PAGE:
Commissioned in 1968, USS John F. Kennedy (CV-67), originally conceived as a nuclear-powered ship, became the last conventionally powered carrier in the U.S. Navy. A variant of the Kitty Hawk-class, it was 17' shorter.

In its 40-year career, Kennedy’s combat operations included Lebanon, Libya, Operation Desert Storm, Operation Enduring Freedom, and the Iraq War. Based on the instructions, Merit’s 1/350 scale kit replicates the ship during its final cruise in 2004, with RAM defense launchers and the deleted port forward catapult-cable catcher horn as well as the aircraft. Extra parts allow the ship to be built to reflect anytime between 1997 and 2007.

The large kit includes 35 plastic sprues and several single items: hull, flight deck, and bridge structures. Cleanly molded, the parts show little flash and minimal ejector-pin marks, although some, such as those under the edge of the flight deck, will be visible. Clear plastic supplies 21 aircraft and the bridge windows.

I skipped steps 1-5, the hangar deck, until after the hull was built and painted. I primed the hull with Tamiya flat black for pre-shading, taped the boot stripe, applied antifouling red to the lower hull, then re-masked to paint the upper hull with Tamiya haze gray.

In Step 7, I had to remove the locator pins and sand the thick side walls of the close-in weapon system units (Z50) to properly fit the supports (Z40).

Defer Step 9 until flight-deck installation in Step 13. Part G22 requires trimming 1mm for a flush fit against the upper part of the stern opening. Steps 10-12 can be completed without issue.

Before attaching the flight deck, I painted it flat black, highlighted the 1,875 tie-downs with graphite, and added more than 40 decals over a layer of Pledge FloorCare Multi-Surface Finish. I split the single elevator double-line markings so the elevators can be posed up or down. I also removed much of the carrier film from the large 67 at the bow to minimize silvering. The firm decals responded to Solvaset decal solvent.

The hull is stamped USS Kitty Hawk while the deck says USS JFK, and the class distinctions cause problems. The locator ridge under the JFK stern was 1.75mm off, misaligning the elevators and bow. So, I removed the ridge and aligned the bow, leaving the extra at the stern. I needed to rework the flight-deck supports at the stern, but this alleviates issues with the elevator alignment.

Steps 14-16 were fine, but I skipped past the bridge structure (steps 17-22) except for Step 18a’s subassembly, which I needed in Step 39.

I added the hull sponsons without problems, until Step 29. Part E10 is too long to fit into sponson K2. Simply carve the half-moon shape carefully and it will drop into place nicely.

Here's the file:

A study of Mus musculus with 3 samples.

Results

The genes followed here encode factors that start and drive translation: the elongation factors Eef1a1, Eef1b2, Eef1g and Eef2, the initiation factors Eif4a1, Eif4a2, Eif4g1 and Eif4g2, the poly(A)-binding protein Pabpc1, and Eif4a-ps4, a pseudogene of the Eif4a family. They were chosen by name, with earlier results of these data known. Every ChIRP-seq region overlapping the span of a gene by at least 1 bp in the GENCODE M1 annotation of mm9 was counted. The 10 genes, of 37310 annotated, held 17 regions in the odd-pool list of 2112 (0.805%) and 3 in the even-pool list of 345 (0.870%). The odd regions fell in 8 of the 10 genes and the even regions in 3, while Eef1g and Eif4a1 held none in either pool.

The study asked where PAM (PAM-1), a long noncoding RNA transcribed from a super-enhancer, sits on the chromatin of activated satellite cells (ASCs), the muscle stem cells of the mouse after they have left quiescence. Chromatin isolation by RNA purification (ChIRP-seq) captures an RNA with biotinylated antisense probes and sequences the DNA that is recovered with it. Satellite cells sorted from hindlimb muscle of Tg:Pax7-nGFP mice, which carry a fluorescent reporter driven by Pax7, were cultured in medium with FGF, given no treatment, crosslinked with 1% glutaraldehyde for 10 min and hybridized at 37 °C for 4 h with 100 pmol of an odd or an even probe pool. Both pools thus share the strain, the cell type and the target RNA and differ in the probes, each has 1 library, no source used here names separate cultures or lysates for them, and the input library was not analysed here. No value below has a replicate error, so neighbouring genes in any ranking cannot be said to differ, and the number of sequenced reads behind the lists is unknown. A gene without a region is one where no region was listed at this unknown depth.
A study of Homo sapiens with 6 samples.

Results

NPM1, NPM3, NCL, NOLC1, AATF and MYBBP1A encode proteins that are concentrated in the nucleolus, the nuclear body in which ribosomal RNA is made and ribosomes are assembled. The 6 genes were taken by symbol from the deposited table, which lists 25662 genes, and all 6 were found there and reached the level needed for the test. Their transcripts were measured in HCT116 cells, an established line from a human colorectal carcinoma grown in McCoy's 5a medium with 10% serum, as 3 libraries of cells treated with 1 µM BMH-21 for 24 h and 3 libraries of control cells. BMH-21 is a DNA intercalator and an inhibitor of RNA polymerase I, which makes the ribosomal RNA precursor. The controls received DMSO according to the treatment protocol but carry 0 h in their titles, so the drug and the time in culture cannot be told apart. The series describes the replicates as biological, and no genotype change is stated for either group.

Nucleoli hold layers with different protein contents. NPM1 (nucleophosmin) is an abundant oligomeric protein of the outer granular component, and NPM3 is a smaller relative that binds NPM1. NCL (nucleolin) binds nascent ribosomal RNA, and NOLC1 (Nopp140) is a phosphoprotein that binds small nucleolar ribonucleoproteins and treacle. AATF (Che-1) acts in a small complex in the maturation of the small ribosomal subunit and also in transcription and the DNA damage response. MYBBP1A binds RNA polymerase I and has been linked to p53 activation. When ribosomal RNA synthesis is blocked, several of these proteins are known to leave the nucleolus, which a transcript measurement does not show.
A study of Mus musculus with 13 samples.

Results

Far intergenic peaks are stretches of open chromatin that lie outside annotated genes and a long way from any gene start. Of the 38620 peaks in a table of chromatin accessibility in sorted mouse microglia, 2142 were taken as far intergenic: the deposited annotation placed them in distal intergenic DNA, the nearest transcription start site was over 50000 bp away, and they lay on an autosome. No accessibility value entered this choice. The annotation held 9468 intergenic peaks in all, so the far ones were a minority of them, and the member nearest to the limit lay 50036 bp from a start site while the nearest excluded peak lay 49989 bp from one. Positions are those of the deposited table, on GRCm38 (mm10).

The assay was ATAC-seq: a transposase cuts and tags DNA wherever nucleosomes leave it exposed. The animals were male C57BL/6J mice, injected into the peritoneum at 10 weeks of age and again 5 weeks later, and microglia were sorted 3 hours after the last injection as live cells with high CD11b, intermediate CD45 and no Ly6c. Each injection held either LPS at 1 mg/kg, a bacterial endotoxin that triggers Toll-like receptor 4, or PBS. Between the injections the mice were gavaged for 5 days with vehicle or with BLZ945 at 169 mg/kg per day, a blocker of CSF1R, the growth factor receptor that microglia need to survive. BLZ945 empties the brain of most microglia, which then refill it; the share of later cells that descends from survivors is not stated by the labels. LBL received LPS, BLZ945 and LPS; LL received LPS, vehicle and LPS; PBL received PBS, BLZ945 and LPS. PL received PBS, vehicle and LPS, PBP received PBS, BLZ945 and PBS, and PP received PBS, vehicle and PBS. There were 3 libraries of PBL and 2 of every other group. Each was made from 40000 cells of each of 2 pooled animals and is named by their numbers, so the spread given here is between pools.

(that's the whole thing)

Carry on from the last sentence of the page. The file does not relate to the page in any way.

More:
Skip steps 41-44 to keep the flight deck flat. Step 44 creates the antennas for the deck edge; with care, they will all be moveable.

I skipped forward to steps 51-55 to mount the antenna and life-raft racks while the locator pins and indents were easily visible. You will need to shave the molded vertical frames on the deck edges to better fit the racks.

Moving backward in the instructions, I built the island. It was pretty straightforward, but the mast option in Step 20 is unclear. Also in Step 20, the subassembly does not fit the molded locator on part F16. I removed the ridge and shaved down the wall on Part E16. Finally, Part J31 sub-assembly in Step 19 is too wide.

Part PE 18C was too short to fill the gap for the waist-catapult bridle catcher, but spare netting is provided. The aircraft crane is molded raised but can be lowered, with some modification, for flight ops.

Final assembly in steps 56-58 includes a nice PE and plastic mast. The instructions are vague: two parts J64 create the support between J9 and J10.

The aircraft — and you get a bunch — are a mixed bag. The kit provides five F-14Bs, five F/A-18Cs, five EA-6Bs, two S-3s, two E-2s, and two SH-60s.
The Vikings and Hawkeyes can be posed with wings folded, and the Tomcats have optional parts to show the swing wings extended or stowed. These three types have separate canopies, making painting a breeze. Optional parts allow the Seahawks’ main rotors to be folded. All fit pretty well.

On the other hand, the wings on the Hornets and Prowlers are molded in flight position only, the canopies are integral with the bodies, and filling was needed to blend the airframes.

The decals are a quandary. Insignia, tail markings, aircraft numbers, and even stencils are included for all types. But the same numbers are provided for all but the Prowlers, so you’ll need to modify them or hit the aftermarket for an accurate air wing.
Overall, Merit’s Kennedy is nicely detailed. But it requires work to produce an accurate model. The PE is nice, but no railings are provided. The biggest hurdle was the vague instructions; a good part of the 137 hours building the model were spent deciphering the cryptic part-placement diagrams. Given the fit problems, I recommend the kit to experienced builders.

Note: A version of this review appeared in the April 2016 issue.